The ice sculpture fountain at NAWBO’s WBC opening reception at the Kentucky Derby Museum on Oct. 4, 2012

The National Association of Women Business Owners Women’s Business Conference kicked off Thursday in Louisville, Ky., with an excited group of about 600 businesswomen.

Opening keynote speaker University of Louisville professor, author and futurist Nat Irvin II, challenged their understanding of the world today and what is expected to happen in the very near future, warning that it’s no longer enough to be human if you want to succeed in business today — you need algorithms to remain competitive.

Success today also requires cognitive diversity, said Irvin, so you should seek to connect with and hire people who behave — and are at their core — different from you.

Irvin was followed by Babson College professor of entrepreneurship Patricia G. Green, who explained the power of the Goldman Sachs 10,000 Small Businesses initiative, for which she is the national academic director.

Green then moderated a discussion with 10,000 Small Businesses graduates Akwaaba Bed & Breakfast Inns CEO Monique Greenwood and Earthen Symphony CEO Madhu Uday.

Greenwood and Uday said they have always seen great results from trusting their guts in business decisions. For Uday, that proved to be a challenge because her gut often had her operating in opposition to her parents and others around her. Still, she said, the struggle was worth it because her gut was correct.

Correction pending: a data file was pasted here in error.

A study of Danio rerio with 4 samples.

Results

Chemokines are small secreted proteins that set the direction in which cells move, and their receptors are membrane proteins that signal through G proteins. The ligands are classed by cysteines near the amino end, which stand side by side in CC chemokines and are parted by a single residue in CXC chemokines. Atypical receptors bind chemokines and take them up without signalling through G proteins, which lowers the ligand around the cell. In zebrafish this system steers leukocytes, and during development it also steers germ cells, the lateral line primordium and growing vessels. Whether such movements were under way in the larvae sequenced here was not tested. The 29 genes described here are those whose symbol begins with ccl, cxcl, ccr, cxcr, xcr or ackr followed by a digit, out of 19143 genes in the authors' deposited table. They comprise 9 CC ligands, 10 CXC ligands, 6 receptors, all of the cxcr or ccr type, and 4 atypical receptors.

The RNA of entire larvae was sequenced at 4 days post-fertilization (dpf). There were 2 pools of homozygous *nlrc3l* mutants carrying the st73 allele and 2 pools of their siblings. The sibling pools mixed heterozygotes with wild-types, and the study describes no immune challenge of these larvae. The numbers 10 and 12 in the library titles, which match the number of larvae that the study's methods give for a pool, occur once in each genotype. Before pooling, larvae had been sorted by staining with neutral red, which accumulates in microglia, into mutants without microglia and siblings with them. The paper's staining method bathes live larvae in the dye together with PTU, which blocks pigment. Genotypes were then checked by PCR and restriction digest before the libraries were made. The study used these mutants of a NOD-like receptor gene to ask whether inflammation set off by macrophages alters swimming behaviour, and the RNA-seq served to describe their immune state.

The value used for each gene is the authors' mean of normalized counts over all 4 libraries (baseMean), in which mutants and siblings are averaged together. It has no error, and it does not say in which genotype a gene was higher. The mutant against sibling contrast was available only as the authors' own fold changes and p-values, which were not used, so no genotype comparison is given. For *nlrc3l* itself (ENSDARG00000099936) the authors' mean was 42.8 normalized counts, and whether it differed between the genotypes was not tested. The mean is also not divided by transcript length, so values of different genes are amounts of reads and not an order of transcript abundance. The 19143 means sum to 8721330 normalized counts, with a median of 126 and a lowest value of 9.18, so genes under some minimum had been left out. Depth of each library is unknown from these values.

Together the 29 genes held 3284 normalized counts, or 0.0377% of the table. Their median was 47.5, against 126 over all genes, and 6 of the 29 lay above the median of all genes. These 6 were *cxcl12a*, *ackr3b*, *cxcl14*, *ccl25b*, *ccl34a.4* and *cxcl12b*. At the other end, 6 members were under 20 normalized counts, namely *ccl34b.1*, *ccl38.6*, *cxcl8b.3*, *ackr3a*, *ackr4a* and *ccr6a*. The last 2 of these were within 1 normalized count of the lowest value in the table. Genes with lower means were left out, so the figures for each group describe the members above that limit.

They both emphasized the vital importance of learning to delegate tasks within your business if you want to grow. If you can’t delegate, then you can’t grow because you can’t possibly do it all, said Greenwood.

Greenwood debunked the notion that your business and your personal life are two completely separate entities, explaining that they have to jibe for you to see real success and happiness. “It’s important to have a life plan and make sure it marries with your business plan.”

After a couple of sets of breakout sessions — stay tuned for more posts on these and Day Two of the WBC — and plenty of networking time, the NAWBO women hopped on buses to head out to the Kentucky Derby Museum for an opening ceremony where they drank bourbon, learned about horse racing and had a chance to bid on fabulous hats in an auction to benefit the NAWBO Institute for Entrepreneurial Development.